It's hard to keep up and sometimes I even get sat out (could be a blessing though because sometimes I come back and I'm already in the money just from sitting out).

I have not really been able to gauge whether this is a better strategy or not. I have read that this is a good way to eliminate the dead money in your bankroll and not get hung up or emotionally attached to one particular table.

I do see the benefit in that by trying it out a few times, but I'm not sure if it's the best way to go.

Has anyone had any experience doings lots of tables all at once in online play?

Any Pros and Cons to doing it this way as opposed to just one or two tables at a time?

Thanks for any advice.

  • I don't know about SnG specifically but the more tables you add, the more robotic your play and more weak in general, that will lead to less winrate. There are certainly guys that multi-table 24 or even more (!) tables but they didn't end up that easy. If you can't cope as you say with 10, the next step is to lower down a bit, not a lot. Since you can play max ~10, try 8 or 6. Find your sweet spot where you can breath between plays without feeling you run for it and still maintain a good quality and winrate. – user1165 May 16 '15 at 14:51
  • "a good way to eliminate the dead money in your bankroll" wait... what? – wvdz May 16 '15 at 21:00
  • @popovitsj Statistically, your going to lose a certain number of tourneys. Its just not possible to win every time. Those losses are dead money. If you play a ton of tables at once, getting through the dead money is not so time consuming. I dunno, just something I heard. – Tech Savant May 16 '15 at 22:09
  • I guess the thinking is.. if you play 6 tables one at a time and it takes you 6 hours and you only place in the money on 1/3rd of them (the odds of winning), then you will have burned 4 dead money tourneys and cashed on two good money tourneys in six hours. Now if you play 3 tables at once, for a total of 18 tables, then you still spend 6 hours, but you burn up 3x as much dead money, saving time, increasing profits, theoretically. – Tech Savant May 16 '15 at 22:12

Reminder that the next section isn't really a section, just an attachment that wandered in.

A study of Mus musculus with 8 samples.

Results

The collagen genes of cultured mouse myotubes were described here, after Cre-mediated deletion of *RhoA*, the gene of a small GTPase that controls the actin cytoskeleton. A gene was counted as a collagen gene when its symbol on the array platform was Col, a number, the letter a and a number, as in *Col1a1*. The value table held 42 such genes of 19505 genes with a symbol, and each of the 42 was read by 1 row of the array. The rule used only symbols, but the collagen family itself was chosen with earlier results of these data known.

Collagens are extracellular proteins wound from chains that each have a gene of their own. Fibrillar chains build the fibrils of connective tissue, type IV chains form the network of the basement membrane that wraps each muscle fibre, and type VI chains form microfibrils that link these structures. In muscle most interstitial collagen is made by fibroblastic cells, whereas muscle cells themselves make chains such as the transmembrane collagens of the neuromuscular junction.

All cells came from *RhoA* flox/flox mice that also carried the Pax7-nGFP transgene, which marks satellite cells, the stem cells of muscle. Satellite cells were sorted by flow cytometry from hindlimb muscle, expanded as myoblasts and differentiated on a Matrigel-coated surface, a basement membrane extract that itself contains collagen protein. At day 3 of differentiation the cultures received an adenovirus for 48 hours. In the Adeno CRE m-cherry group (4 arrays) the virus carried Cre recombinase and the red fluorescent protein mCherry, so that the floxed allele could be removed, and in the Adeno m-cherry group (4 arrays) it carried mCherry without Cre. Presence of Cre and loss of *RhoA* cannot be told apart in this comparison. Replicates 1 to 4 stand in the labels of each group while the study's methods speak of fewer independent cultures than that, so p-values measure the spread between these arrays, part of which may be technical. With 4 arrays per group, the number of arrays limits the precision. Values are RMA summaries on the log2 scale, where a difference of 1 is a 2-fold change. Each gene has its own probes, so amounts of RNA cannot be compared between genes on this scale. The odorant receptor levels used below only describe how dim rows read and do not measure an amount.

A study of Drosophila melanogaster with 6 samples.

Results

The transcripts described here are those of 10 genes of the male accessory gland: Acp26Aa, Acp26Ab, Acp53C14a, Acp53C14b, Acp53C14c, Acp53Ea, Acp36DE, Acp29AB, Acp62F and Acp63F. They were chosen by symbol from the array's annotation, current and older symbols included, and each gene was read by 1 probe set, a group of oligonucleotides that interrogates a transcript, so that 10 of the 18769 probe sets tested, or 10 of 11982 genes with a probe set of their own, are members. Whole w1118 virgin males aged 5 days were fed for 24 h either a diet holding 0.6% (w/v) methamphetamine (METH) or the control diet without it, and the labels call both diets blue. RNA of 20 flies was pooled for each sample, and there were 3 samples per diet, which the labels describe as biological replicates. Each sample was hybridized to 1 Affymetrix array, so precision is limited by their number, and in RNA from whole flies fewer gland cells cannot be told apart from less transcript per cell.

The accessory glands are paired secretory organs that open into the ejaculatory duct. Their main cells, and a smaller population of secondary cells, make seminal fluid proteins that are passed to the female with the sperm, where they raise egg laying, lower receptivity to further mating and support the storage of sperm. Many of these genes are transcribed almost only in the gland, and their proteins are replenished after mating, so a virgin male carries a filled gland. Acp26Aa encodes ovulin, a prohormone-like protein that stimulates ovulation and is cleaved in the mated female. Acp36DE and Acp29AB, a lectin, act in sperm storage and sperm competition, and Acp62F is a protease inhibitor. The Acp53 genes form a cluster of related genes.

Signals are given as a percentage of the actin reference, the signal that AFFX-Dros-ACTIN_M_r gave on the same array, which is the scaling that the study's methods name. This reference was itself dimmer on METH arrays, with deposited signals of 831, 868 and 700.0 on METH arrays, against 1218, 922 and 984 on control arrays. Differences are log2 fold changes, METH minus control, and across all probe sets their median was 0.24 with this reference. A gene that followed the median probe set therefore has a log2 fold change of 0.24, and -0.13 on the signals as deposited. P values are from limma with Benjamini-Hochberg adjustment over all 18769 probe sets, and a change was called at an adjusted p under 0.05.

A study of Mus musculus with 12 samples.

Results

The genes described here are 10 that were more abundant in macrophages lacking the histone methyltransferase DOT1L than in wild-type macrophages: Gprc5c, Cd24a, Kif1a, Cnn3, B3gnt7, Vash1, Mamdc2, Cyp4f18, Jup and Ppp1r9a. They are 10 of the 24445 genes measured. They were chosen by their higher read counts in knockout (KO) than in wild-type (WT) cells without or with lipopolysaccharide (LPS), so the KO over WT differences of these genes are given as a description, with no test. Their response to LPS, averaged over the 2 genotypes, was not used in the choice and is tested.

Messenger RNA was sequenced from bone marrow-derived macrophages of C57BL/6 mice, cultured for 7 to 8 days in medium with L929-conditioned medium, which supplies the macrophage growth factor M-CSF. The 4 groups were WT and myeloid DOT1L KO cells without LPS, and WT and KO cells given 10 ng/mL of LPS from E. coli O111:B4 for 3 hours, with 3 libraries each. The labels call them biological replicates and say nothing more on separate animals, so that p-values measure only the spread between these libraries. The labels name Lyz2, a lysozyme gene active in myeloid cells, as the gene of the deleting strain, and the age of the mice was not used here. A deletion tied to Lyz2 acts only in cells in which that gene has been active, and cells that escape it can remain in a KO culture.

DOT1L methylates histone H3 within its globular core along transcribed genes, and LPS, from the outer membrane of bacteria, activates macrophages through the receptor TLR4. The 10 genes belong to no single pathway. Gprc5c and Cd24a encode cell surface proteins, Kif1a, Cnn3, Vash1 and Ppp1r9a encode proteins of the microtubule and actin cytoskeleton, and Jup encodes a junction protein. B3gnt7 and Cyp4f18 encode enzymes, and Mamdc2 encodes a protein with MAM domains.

If you are a profitable player, your entree fee is never dead money. Whether you actually cash in the tournament doesn't come in to this.

This boils down to a certain mindset required in playing profitable poker: actual results are not important and should not be taken into account when analyzing your play. Instead, you need to focus on maximizing your expected value (EV), not your actual profits.

With regards to your question, this means that you should keep adding tables as long as it contributes to your EV. With every table you add, your EV per table is expected to go down, because you can devote a smaller part of your attention to making the right decisions.

However, the total EV might very well go up. For example: let's say that 1-tabling, your EV is +$5/hr, and adding 1 table will make your EV drop to $4/hr. In this case 2-tabling will earn +$8/hr (2x $4/hr).